The Apostle Paul in Arabia
Reconstructing Paul’s Hidden Years
In the Desert at Petra
3/11/23 By Tim Buck
The New Testament recounts many episodes from the apostle Paul’s life. Yet it provides scant details about his visit to Arabia. In his letter to the Galatians, while describing his conversion, Paul mentions his time in Arabia:
When God, who had set me apart before I was born and called me through his grace, was pleased to reveal his Son to me, so that I might proclaim him among the Gentiles, I did not confer with any human being, nor did I go up to Jerusalem to those who were already apostles before me, but I went away at once into Arabia, and afterwards I returned to Damascus. (Galatians 1:15–17, NRSV)
In the first place, Paul is not referring to the area we today call Saudi Arabia. After his conversion, rather than immediately travel to Jerusalem to be instructed by the apostles, Paul instead went to Nabatean, Arabia, a wilderness desert that stretched East of Damascus down to the Sinai Peninsula. Paul then says, “After three years I went up to Jerusalem to see Peter” (Gal. 1:18).
During his three years at Petra, Paul made a visit to Damascus (Gal. 1:17) but mainly resided in Arabia under the continuous ‘seminary’ instruction from the Lord. One can only imagine what that experience must have been like. Paul confirms the Lord was his only teacher in his testimony,
I want you to know, brothers and sisters, that the gospel I preached is not of human origin. I did not receive it from any man, nor was I taught it; rather, I received it by revelation from Jesus Christ.
What else happened in Arabia?
Ben Witherington III of Asbury Theological Seminary explores these hidden years of Paul’s life in “Paul of Arabia? The Apostle’s Early Adventures,” published in the Winter 2021 issue of Biblical Archaeology Review. Although the specifics do not appear in the biblical text, Witherington reconstructs elements of this time.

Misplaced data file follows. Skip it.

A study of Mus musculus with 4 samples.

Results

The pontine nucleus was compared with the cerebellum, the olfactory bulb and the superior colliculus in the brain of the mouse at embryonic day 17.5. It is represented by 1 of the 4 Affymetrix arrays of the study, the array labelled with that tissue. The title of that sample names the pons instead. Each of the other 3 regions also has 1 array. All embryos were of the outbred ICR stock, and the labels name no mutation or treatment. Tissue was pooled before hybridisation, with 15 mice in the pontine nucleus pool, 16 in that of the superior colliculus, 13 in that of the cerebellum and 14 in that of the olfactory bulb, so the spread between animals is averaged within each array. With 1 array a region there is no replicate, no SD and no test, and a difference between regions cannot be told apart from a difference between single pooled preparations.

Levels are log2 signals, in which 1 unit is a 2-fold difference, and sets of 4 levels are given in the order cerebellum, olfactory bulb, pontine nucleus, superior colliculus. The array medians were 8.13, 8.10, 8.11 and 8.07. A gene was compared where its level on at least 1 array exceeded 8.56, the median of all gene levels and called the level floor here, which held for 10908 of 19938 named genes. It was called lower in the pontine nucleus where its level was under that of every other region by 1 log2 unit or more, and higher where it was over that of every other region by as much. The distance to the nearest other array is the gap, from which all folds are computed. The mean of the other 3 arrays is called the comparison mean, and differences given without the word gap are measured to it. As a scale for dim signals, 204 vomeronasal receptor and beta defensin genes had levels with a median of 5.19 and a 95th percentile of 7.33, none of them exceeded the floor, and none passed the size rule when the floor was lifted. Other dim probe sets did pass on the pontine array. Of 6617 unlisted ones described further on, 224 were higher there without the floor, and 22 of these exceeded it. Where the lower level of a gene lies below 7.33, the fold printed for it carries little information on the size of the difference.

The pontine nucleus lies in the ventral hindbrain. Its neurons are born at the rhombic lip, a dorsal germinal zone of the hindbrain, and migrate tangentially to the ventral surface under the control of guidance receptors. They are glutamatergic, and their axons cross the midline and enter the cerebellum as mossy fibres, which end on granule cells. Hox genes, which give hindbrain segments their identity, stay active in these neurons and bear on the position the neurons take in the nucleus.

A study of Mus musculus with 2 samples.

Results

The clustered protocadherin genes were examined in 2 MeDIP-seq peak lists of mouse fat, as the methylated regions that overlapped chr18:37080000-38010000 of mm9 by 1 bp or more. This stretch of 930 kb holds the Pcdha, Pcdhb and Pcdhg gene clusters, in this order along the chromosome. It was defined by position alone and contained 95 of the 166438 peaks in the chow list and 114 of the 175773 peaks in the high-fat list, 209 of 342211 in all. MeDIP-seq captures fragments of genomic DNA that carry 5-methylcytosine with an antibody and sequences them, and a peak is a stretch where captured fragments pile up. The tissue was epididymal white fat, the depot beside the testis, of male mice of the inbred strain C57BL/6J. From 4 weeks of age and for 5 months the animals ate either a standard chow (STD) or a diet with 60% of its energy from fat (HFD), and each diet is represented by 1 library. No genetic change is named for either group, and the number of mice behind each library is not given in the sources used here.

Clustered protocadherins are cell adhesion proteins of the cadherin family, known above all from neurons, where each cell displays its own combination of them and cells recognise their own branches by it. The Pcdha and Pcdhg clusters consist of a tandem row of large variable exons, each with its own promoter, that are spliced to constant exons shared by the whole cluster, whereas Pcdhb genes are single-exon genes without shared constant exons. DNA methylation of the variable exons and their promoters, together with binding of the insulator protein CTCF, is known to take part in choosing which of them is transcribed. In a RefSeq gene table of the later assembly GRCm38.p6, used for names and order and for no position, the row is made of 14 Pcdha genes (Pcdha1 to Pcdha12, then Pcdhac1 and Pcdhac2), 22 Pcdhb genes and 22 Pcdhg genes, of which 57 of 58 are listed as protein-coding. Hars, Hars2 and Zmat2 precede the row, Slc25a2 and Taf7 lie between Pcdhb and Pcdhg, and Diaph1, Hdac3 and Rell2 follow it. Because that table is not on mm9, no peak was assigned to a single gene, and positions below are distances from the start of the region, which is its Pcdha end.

Witherington clarifies that the region called Arabia in Galatians 1:17 should be associated with Arabia Petrea, or the kingdom of Nabatea. With its capital at Petra, Nabatea flourished for several centuries and remained independent from Roman control during Paul’s lifetime. Witherington thinks that Paul likely spent time in Petra, which was situated on the major trade route that brought spices across the Arabian Peninsula—from the Persian Gulf to the Mediterranean Sea.
Later in his life, when Paul would travel to other Mediterranean cities, he typically sought out the local Jewish community and shared the gospel, first with the Jews and then with Gentiles (non-Jews). He spoke Greek, the language of the day. To support himself, he practiced leatherworking and tent making. Witherington thinks it likely that Paul did these same things at Petra.
Another passage seems to support the idea that Paul preached while in Arabia. In 2 Corinthians 11:32–33, Paul says that King Aretas tried to arrest him in Damascus. This refers to King Aretas IV, who ruled Nabatea from 9 B.C.E. to 40 C.E.
Why would the Nabatean king have known about Paul and wanted to arrest him? Witherington thinks it likely that Paul came to the king’s attention while preaching in Nabatea. It seems likely Paul preached the gospel in Arabia Petrea, and the king wanted to arrest him for promulgating a non-Nabatean religion in his territory without permission.
These reconstructed details give a glimpse of the apostle Paul’s time in Arabia. Since we plan to be in Petra during our upcoming April-May Tour of Jordan and Israel we’ll see if we can learn more about the Apostle Paul’s hidden years in Petra.